Year2 takes a look at the yardage that doesn’t show up in the total offense/defense stats.
We all know about total yards and total defense, but teams rack up other kinds of yards through a football game. For lack of a better term, I’m calling them “Other Yards” today. The formula is simple:
Other Yards = Punt Return Yards + Kickoff Return Yards + Interception Return Yards
If you look at his chart of the SEC, you’ll see that some of the information he’s gathered is more useful than other parts there. Alabama is last on the list, for example, mainly because it’s deep in the hole due to kicking off a lot more than its opponents have.
Still, it’s interesting to tie his data in with our old friend, yards per point. It’s reasonable to figure that teams which have an advantage in punt return net yardage, turnover margin (reflected to some extent in his net interception yardage numbers) and net penalty yardage are going to wind up being more efficient scorers, because all of that translates into more advantageous field position.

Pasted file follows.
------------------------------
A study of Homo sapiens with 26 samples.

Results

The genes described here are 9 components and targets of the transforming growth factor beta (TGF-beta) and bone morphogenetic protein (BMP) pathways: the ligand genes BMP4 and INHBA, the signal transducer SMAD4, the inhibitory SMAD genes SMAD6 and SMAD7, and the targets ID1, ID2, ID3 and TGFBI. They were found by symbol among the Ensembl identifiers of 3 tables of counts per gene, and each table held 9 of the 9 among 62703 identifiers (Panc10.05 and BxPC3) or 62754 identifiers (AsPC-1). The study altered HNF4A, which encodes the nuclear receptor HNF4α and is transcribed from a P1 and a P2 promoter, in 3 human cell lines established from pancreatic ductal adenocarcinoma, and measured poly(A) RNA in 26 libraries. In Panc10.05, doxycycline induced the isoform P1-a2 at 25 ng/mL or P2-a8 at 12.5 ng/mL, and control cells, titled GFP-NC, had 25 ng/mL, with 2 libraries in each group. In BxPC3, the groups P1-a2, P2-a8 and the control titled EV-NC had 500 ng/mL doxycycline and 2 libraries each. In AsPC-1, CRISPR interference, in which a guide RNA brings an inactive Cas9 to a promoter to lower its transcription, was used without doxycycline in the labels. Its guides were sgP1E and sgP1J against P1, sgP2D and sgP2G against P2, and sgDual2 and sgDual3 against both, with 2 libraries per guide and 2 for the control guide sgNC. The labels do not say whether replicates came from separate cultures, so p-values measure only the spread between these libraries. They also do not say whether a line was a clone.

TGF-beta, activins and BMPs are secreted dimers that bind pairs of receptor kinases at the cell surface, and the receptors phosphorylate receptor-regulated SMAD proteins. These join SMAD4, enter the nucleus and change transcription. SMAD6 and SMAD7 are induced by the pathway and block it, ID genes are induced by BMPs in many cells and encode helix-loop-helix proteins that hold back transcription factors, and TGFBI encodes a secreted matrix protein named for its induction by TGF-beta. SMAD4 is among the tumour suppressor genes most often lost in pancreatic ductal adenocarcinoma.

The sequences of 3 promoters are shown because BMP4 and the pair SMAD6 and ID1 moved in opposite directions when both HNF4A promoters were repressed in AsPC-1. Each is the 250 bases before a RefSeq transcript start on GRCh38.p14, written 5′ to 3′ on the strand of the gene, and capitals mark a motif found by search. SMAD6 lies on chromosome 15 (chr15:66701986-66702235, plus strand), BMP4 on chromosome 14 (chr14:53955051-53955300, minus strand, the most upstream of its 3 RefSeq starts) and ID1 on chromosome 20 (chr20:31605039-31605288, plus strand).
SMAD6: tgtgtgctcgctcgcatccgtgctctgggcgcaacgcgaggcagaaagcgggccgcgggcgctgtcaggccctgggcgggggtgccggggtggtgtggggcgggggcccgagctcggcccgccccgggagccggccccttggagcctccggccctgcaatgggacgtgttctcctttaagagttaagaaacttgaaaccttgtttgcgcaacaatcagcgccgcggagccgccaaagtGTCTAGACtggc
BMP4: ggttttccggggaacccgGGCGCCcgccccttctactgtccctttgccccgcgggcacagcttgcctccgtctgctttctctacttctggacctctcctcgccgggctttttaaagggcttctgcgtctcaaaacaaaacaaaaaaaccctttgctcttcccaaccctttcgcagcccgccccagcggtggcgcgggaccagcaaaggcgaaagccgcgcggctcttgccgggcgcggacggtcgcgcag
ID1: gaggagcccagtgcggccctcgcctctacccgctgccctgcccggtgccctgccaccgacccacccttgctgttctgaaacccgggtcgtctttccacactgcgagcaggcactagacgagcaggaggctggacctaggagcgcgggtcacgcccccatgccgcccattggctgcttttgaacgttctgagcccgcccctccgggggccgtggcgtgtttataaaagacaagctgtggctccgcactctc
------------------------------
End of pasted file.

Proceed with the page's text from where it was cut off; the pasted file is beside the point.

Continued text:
So here’s how the SEC ranks in order of yards per point after three games:
TEAM POINTS YARDS YPP Florida 103 957 9.29 Kentucky 133 1492 11.22 LSU 86 969 11.27 Georgia 85 1022 12.02 Alabama 134 1626 12.13 S. Carolina 96 1177 12.26 Arkansas 106 1451 13.69 Ole Miss 89 1238 13.91 Auburn 96 1380 14.38 Tennessee 80 1158 14.48 Miss. St. 70 1083 15.47 Vanderbilt 52 867 16.67
It’s early, and every school has played at least one cupcake, so the numbers are a little better overall than we’ll see by year’s end, but if you’re looking for an explanation about how Florida’s offense can look so pedestrian, yet still score enough to get out to a 3-0 start, it’s because they haven’t had to strain themselves so far. Same thing with LSU. Auburn, however, is making Gus Malzahn earn his keep.